1. Why is this position open?

There are a host of underlying questions here, none of which will ever likely be asked. Was the workload so much that the last person holding this job ran for the hills? Or, on the flipside, was the environment so supportive and amazing that the last employee was promoted and given a raise? A solution is to explain the position opening, describe that role’s fit in the management system, and be candid about any challenges the candidate may face.

2. What will the compensation be?

And this question isn’t simply driven at the total salary, which many recruiters will be asked about or which may be in the job description. This goes to the heart of the “once I divide the total value of the package you are offering me by the number of hours you expect me to work, would I be making a decent wage” calculation. So make sure you give the candidate a view of all the benefits of the job, covering both financial and any other positive attributes you can identify that may add to his or her bottom line.

3. Am I going to be doing the same thing forever?

Okay, no one REALLY thinks this could be the case. After all, it is probably at-will employment roles you are filling. But what this unasked question really goes to heart of is the potential for continued growth and potential earnings and well as increased responsibilities. So if there is a career path, let the candidate know that they can be considered and that there will be opportunities for them to continue to professionally develop.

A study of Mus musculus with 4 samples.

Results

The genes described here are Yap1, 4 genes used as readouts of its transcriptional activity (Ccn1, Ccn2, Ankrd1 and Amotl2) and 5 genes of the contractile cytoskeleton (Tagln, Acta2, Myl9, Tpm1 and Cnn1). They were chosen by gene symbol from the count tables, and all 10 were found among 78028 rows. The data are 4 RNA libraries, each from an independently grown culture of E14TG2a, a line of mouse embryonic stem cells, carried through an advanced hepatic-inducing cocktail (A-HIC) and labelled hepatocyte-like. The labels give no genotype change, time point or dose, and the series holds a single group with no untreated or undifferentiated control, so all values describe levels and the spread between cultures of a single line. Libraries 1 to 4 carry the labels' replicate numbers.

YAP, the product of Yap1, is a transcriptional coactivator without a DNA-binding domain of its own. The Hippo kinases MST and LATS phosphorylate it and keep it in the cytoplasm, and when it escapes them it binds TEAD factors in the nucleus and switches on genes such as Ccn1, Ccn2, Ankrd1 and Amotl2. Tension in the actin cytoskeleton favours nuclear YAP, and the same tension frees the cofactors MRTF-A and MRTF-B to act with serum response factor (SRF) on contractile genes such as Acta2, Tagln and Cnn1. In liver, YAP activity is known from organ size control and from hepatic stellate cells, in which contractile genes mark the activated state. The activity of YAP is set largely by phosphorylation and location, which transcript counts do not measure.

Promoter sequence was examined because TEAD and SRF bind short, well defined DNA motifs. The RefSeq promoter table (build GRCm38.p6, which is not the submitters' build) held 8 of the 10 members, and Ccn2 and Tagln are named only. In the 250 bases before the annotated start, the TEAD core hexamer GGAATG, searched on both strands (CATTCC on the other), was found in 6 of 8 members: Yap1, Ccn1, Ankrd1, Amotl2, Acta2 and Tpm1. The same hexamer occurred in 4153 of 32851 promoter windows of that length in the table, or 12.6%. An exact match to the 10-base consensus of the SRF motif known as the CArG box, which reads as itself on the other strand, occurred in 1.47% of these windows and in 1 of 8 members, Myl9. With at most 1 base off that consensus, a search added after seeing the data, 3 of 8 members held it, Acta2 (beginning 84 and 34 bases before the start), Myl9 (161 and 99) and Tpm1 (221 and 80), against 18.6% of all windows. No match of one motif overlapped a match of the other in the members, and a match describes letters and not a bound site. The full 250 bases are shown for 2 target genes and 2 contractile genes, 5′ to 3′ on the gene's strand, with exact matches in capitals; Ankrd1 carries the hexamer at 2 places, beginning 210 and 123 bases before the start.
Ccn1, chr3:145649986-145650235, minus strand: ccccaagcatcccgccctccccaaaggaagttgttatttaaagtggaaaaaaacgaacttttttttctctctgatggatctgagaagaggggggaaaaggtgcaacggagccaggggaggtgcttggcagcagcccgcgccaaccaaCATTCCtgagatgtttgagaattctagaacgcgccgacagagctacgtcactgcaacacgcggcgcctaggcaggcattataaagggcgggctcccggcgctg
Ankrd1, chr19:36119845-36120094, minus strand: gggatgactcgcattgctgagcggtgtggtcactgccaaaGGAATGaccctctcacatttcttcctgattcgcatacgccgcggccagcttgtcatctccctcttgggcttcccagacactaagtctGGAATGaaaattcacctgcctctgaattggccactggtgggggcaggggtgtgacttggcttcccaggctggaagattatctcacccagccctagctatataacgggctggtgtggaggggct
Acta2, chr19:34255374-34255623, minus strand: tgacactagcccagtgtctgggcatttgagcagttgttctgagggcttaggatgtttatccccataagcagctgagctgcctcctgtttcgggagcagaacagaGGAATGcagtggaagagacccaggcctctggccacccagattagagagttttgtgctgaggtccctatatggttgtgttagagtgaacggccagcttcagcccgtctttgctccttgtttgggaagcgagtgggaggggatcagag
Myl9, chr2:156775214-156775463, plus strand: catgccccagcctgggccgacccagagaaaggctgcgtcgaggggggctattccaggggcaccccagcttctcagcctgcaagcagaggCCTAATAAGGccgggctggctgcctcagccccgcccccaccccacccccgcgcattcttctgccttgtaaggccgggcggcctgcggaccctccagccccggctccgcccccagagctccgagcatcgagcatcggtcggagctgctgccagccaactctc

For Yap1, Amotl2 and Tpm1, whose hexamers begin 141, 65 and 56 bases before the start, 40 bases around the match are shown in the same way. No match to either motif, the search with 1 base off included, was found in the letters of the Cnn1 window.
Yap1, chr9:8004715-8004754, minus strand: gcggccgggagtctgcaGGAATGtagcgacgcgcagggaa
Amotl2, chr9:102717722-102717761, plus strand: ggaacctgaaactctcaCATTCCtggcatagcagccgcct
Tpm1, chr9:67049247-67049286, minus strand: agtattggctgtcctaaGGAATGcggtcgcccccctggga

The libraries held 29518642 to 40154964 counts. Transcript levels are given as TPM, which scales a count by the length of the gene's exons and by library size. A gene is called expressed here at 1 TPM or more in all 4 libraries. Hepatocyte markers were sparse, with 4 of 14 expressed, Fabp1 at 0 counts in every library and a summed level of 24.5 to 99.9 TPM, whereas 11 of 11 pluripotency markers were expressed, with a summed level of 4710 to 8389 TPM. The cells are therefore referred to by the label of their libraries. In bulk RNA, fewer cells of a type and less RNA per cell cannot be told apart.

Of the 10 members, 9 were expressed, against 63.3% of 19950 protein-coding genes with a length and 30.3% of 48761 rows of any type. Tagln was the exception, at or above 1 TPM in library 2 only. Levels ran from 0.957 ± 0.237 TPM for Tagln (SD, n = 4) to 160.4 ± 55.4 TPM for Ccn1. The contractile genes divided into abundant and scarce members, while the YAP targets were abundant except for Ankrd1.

4. Can I apply to other open positions within this organization?

The candidates may be worried because they are interested in multiple openings and wonder if applying to more than one can put them at a disadvantage. Or, perhaps a candidate may be better fit for another open role in your organization that they haven’t thought about. Let your candidates know what their options are in apply to other positions.

Being completely transparent with candidates is an important aspect in a good candidate experience. To learn more about how to create a positive candidate experience that helps attract, engage and retain top talent, click here.